Valley Neighbors: Frank Lodato
by Sandi Olson
May 17, 2012 | 1310 views | 1 1 comments | 8 8 recommendations | email to a friend | print

Lodato Park is probably one of the best-kept secrets in the area. This hiking-only park has a 1.2-mile handmade trail that wanders through the redwoods and is carved out of the hillside in some places.

Although Lodato Park Trail is close to the original Borland site near Highway 17, the forest is so thick in parts that hikers may feel as if they're miles from civilization.

The park was part of a 50-acre parcel that was gifted to Scotts Valley in 1974 by Frank Lodato — one of Santa Cruz County's greatest contributors.

The son of an Italian immigrant railroad worker, Lodato began serving his country at an early age. He joined Boy Scouts of America during the Great Depression, eventually becoming the national commander of the Eagle Scouts Society.

After graduating from San Mateo High School in 1943, he served in the U.S. Air Force.

Following his discharge, Lodato attended Stanford University. He graduated in 1949 with a bachelor's degree in economics, followed by a master's degree in education in 1954. He married and had four children, three boys and a girl. Lodato later became a trustee on the university's board, and in 1977, he headed the search committee that hired Bill Walsh to coach Stanford's football team.

“Frank Lodato gave me the chance that led to my successful career. He was admired and respected by everyone,” Walsh said in a statement that appeared in the Palo Alto Weekly on Aug. 4, 1999.

In addition to his work at Stanford, Lodato was appointed as the first chairman of the Central Coastal Conservation Commission by Ronald Reagan in 1973.

Lodato was also a venture capitalist. He bought the old Brown Ranch property in the 1960s and developed the 41st Avenue shopping center in Capitola. Besides creating countless jobs, this new mall drew shops and department stores, allowing customers to shop locally rather that commute over the hill. 

“Frank and my dad, Joe, were forced to go into real estate to help their father when he got in trouble on a land deal he bought off of Highway 280 in San Jose,” said Linda Bartlett of Ben Lomond, Lodato's niece. “They started buying land in Santa Cruz and Santa Clara, building some of the first subdivisions.”

Frank Lodato worked hard to boost the economy in both Santa Cruz and Santa Clara counties.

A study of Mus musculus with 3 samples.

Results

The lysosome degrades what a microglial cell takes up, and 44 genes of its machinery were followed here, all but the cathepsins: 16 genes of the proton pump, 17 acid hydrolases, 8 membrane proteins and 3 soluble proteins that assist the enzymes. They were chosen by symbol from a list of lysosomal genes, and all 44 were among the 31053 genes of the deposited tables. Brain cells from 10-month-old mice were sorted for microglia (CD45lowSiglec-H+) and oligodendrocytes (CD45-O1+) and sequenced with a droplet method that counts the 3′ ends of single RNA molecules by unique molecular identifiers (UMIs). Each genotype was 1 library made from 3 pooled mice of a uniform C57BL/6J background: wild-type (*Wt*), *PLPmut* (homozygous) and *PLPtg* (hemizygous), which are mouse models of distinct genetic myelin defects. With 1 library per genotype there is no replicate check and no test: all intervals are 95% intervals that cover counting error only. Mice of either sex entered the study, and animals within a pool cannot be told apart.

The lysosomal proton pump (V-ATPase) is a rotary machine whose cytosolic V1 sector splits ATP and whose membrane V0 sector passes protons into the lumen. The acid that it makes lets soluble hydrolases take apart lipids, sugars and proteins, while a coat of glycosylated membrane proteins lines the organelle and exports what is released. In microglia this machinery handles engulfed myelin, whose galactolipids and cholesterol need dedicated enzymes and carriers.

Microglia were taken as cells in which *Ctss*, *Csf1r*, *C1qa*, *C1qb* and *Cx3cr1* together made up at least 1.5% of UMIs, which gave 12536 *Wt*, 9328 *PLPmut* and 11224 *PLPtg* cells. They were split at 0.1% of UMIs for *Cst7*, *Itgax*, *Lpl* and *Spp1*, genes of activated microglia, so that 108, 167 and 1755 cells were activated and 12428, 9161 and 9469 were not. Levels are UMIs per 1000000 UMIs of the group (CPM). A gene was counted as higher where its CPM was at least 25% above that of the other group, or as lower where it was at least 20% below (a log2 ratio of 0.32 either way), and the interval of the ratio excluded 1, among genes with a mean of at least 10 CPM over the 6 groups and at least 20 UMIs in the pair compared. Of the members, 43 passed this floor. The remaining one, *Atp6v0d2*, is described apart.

He was the co-founder of the Sutter Hill Cos. — a venture capital firm that invested in emerging companies in the early years. In addition to developing 41st Avenue, Lodato also purchased a sizable amount of land of the eastern side of Scotts Valley and built a business park that included the original Borland facility. Once again, hundreds of new jobs were created in the area.

Part of the land behind this local development was hilly and hard to develop. When Lodato gave the land to the city of Scotts Valley, he requested that a balance between open space and development be maintained. When city residents voted on whether to develop the land or turn it into a park, the majority wanted a park. Thus, Lodato Park was born.

Conrad Sudduth, Scotts Valley recreation division manager, said the city's recreation commission was working on getting Lodato Park Trail connected with the trails on the 31-acre Blair Ranch property.

“The city is still attempting to work out an easement with Sundean Foundation between the properties,” Sudduth said. “Chuck Blair is very cooperative, and he's even willing to help build and maintain the connection.”

Besides developing large parcels of land, Lodato acted as chairman of several other startup firms. He received awards for his volunteer work and statewide attention for his philanthropy.

“Frank cared about everything and everybody — especially his family,” Bartlett said. “We were all close. He was a very generous man and even gave away hundreds of acres to the Boy Scouts. That's the type of person he was.”

“I feel as if I have lived a very good life,” Lodato wrote to family and friends, shortly before he died from cancer in 1999.

- Sandi Olson of Scotts Valley is a writer, speaker and teacher. She writes about interesting people in Scotts Valley and the San Lorenzo Valley. Email her at sandiolson@comcast.net.



Frank Lodato was one of the kindest, smartest and beautiful people you would ever have known (if you were lucky to have known him!).

Absent from the article is his contribution to Stanford University, especially to the Athletic Depts. and men's football specifically, donating untold hours and fully paid scholarships in PERPETUITY (Forever) to the school, the team and the players.

Frank was one of Silicon Valley's very first Venture Capitalists, forming Sutter Hill Ventures with his brother-in-law.

His 'touch' was so different from the 'greed-based' VC's and Angel Investors you see and hear from so much today (2012)!

Born into 'The Greatest Generation', his devotion to friends, family and community is missed today.

A void exists where he once was and was taken from us too early by lung cancer in 1999 (He wasn't a smoker!!).

His second wife's best friend, Francis Arrillaga,

also died of lung cancer about 2 years before Frank (She wasn't a smoker either).

Was there some connection to their common disease as Frank visited 'Fran' just about every day while she was in the hospital?

Only science can tell us if there was a link or a transference of the cancer.

Both Frank and Fran died BEFORE THEIR TIME.

They were both active and vibrant people.

My own life was impacted beyond what mere words can describe by Frank's loving kindness and support and also by his son, Tom's lifelong, steady friendship.

Thank-you for a well-written article of remembrance of 'The Gentleman' known as "Frank Lodato"! He lives on in our hearts and souls.